Pitcaple had many visits, and the meetings here were among the most successful that Mr. Radcliffe was privileged to address.
Rev. George Bain invited Mr. Radcliffe to hold services in his church at Pitcaple, while he went over to witness the Revival in Ireland. When he came home on the Saturday, he found that there had been a great awakening. On Sabbath, he preached in the forenoon in the church; and in the evening Mr. Radcliffe preached on the hillside, for the church would not have held a third part of those who came to hear him. After preaching a powerful and heart penetrating sermon from John vi., Mr. Radcliffe intimated that any anxious persons might go down to the church, where he would speak to them. Many of them went down; but a large congregation remained, who were addressed by Mr. Bain.
So many were deeply impressed that it took hours to deal with them, though Mr. Radcliffe was assisted by earnest workers, as well as the minister, who, five months after, was able to state that, as far as he knew, not one had gone back.
Mr. Bain had the Lord's supper in connection with this work, on the first day of the year, being Sabbath. There were fifty new communicants, besides a number of previous communicants, who had been converted. Mr. Bain said that they wrote to many places for godly people to people to pray for them—to Edinburgh, Inverness, and Caithness.
He might mention other cases, such as that of a poor man who had pleaded with his father and mother on the last night of the year, and he seemed with some measure of satisfaction to say, ' I got them to kneel, and kneel for the first time in their lives.'"
In August, 1860, about a year after the first services at Pitcaple, Mr. Bain again wrote: "After prayer, Rev. H. M. Williamson, of Huntly Free Church, delivered an excellent discourse from Heb. ii. 10. He was followed by Mr. Hector Macpherson, Mr. Duncan Matheson, and Mr. Radcliffe, in short addresses, characterised by pointed personal appeal, praise and prayer intervening between the addresses. Mr. Radcliffe, at the outset of his address, told of one whom he knew—an Englishman—who had a sister living two or three hundred miles distant in a foreign country. The sister had become converted; and her brother on hearing of this was displeased, thinking it very wrong of her, especially as her husband was absent at the time. With the approval of her relatives, he set out to visit her and reason with her on the matter. Arrived there, the sister said he might defer speaking to her till the morrow, asking him to take a little book she presented, and read it. He did so, and in that little book he lighted on the words, "There is therefore now no condemnation to them which are in Christ Jesus.' The words no condemnation' struck him. He then knew very little of the Bible, even by rote, but the simple-minded man reasoned with himself: there is condemnation then to those who are not in Christ Jesus, and I at least am not. The result of reading these words was that he did not go to a ball, as he intended; he that very night found peace, and in the morning, without saying anything of the matter to his sister, he asked her where he could find a faithful minister, and of him he sought further instruction. That man was Captain Trotter, and such the result of his visit to his sister in Paris.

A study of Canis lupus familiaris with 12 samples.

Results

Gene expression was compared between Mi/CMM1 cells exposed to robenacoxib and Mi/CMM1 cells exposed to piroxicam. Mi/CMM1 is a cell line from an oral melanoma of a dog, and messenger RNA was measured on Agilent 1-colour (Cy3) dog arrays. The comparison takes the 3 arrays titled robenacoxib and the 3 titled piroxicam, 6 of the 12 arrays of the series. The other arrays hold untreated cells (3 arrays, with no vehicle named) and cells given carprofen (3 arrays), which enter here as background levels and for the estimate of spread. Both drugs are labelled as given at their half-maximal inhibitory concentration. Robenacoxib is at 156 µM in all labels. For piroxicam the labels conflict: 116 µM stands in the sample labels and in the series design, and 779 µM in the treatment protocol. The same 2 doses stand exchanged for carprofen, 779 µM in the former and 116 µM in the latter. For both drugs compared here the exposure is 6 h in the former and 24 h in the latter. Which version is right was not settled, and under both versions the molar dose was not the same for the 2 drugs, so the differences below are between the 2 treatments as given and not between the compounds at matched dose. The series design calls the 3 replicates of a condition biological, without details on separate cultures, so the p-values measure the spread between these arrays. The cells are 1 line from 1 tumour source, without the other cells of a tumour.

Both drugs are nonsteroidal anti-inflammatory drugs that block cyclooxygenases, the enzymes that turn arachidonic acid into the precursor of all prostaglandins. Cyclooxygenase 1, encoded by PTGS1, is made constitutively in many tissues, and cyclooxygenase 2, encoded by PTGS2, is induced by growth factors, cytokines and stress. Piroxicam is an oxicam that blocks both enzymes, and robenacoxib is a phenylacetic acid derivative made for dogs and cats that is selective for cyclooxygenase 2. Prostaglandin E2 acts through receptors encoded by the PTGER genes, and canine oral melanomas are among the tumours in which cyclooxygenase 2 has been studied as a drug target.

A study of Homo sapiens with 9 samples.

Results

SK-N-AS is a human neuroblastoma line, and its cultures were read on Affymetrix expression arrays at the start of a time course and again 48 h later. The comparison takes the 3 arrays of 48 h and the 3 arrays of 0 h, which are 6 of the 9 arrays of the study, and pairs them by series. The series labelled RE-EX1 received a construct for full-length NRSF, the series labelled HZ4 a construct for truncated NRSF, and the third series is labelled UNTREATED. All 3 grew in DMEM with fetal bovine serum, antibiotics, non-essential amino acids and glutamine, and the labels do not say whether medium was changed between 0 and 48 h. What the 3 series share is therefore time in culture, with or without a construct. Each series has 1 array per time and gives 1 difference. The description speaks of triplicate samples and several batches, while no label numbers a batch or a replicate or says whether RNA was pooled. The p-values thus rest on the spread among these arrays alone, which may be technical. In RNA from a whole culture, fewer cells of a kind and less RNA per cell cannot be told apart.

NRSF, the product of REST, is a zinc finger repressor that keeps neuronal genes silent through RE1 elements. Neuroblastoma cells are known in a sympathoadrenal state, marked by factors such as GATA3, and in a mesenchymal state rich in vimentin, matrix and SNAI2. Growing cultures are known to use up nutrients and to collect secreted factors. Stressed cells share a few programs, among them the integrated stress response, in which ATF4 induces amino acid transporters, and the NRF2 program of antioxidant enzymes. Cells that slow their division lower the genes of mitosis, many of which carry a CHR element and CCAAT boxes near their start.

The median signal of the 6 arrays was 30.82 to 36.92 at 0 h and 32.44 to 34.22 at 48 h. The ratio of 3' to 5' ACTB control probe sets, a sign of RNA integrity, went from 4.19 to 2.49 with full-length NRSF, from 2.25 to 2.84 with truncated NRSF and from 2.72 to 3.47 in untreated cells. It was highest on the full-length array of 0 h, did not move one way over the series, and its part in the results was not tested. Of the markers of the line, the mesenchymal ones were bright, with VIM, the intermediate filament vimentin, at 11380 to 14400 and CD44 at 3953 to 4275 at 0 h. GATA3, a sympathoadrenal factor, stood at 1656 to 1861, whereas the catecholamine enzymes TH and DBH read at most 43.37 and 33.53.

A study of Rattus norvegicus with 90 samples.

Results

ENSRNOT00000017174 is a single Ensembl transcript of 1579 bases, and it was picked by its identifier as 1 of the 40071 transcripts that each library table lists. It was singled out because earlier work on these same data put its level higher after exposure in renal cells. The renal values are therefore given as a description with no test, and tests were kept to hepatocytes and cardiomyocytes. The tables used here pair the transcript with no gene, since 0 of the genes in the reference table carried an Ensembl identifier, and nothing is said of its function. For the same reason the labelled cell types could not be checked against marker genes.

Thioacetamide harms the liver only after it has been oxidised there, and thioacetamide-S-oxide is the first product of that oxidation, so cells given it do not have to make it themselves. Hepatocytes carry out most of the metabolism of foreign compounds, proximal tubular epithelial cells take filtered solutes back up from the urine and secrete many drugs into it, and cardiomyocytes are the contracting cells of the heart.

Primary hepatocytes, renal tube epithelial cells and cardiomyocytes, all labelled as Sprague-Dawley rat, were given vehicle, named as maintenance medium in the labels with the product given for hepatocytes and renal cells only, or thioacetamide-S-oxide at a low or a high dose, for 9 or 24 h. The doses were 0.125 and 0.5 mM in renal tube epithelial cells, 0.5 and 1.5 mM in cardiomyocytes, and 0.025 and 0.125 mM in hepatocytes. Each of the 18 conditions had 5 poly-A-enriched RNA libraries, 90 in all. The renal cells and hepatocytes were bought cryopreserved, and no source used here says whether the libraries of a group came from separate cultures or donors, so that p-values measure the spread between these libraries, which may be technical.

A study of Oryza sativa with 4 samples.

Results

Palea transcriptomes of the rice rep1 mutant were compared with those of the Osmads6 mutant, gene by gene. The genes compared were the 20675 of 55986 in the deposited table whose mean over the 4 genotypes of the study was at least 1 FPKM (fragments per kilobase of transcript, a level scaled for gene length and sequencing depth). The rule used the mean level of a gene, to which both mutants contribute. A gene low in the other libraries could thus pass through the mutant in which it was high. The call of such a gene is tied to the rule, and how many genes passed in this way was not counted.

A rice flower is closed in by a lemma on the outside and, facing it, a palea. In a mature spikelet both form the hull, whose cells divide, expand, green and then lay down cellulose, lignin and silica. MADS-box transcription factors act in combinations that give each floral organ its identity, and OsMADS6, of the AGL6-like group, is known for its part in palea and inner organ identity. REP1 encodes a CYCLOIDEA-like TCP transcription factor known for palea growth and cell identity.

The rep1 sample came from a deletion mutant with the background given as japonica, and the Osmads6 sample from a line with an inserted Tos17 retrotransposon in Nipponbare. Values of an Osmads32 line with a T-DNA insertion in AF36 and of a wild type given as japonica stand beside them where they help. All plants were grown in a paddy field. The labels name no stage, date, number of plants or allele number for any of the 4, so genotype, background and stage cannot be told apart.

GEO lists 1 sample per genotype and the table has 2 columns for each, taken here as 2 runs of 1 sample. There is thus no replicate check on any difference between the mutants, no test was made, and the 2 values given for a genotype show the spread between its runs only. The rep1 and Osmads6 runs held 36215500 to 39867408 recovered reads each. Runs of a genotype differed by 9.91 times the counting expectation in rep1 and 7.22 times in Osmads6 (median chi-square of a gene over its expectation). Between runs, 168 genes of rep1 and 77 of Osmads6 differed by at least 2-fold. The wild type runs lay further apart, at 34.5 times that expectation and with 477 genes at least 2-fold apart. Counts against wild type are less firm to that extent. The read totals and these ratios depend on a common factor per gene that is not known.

"At three the outside services were intermitted for an hour. Mr. Radcliffe had previously retired to the church—the other speakers named continuing the services—' anxious inquirers ' being invited to meet him there. A great many responded to the invitation. The services outside were resumed at four, refreshments having in the interval been supplied by direction of Mrs. Bain to persons from a distance. The afternoon services, which were conducted much in the same way, were continued till about eight o'clock , outside—the day being fine but cloudy until seven p.m., when the sun shone brightly—while Mr. Radcliffe, Mr. Rait, and others continued speaking to the anxious in the church to a considerably later hour, many of these exhibiting much emotion. The utmost seriousness characterised the general services; and at times, especially when the assembled worshippers unitedly knelt on the hillside in prayer, the scene was alike impressive and unusual."
Big men wept and said, "I have found Christ to-night." Two very old women in caps and shawls came to me; it was a solemn sight. They were deeply awakened and felt no time was to be lost. One said, "Oh, He winna cast me oot!" and then the other said, "No, He winna," and they repeated this many times. Then we prayed together;; and one remained on her knees praying half aloud to herself. Mr. Radcliffe looked in. To one old woman he said "Don't you believe?" and to the other, "Ah, you do not. You want to bring a good heart to Jesus instead of coming just as you are." They both left greatly softened and I trust found Jesus.
At Pitcaple, as at many of the places visited by Mr. Radcliffe, the special meetings were continued after he had passed on to some other sphere; and souls were continually being added to the Lord. Mr. Radcliffe told me when we first went to Pitcaple that the Lord gave him faith that He Himself would work there.
This is from 'Recollections of Reginald Radcliffe,' by his wife p83-5
George Bain went to Ireland to experience the revival there in July 1859. Radcliffe held the meetings while he was away.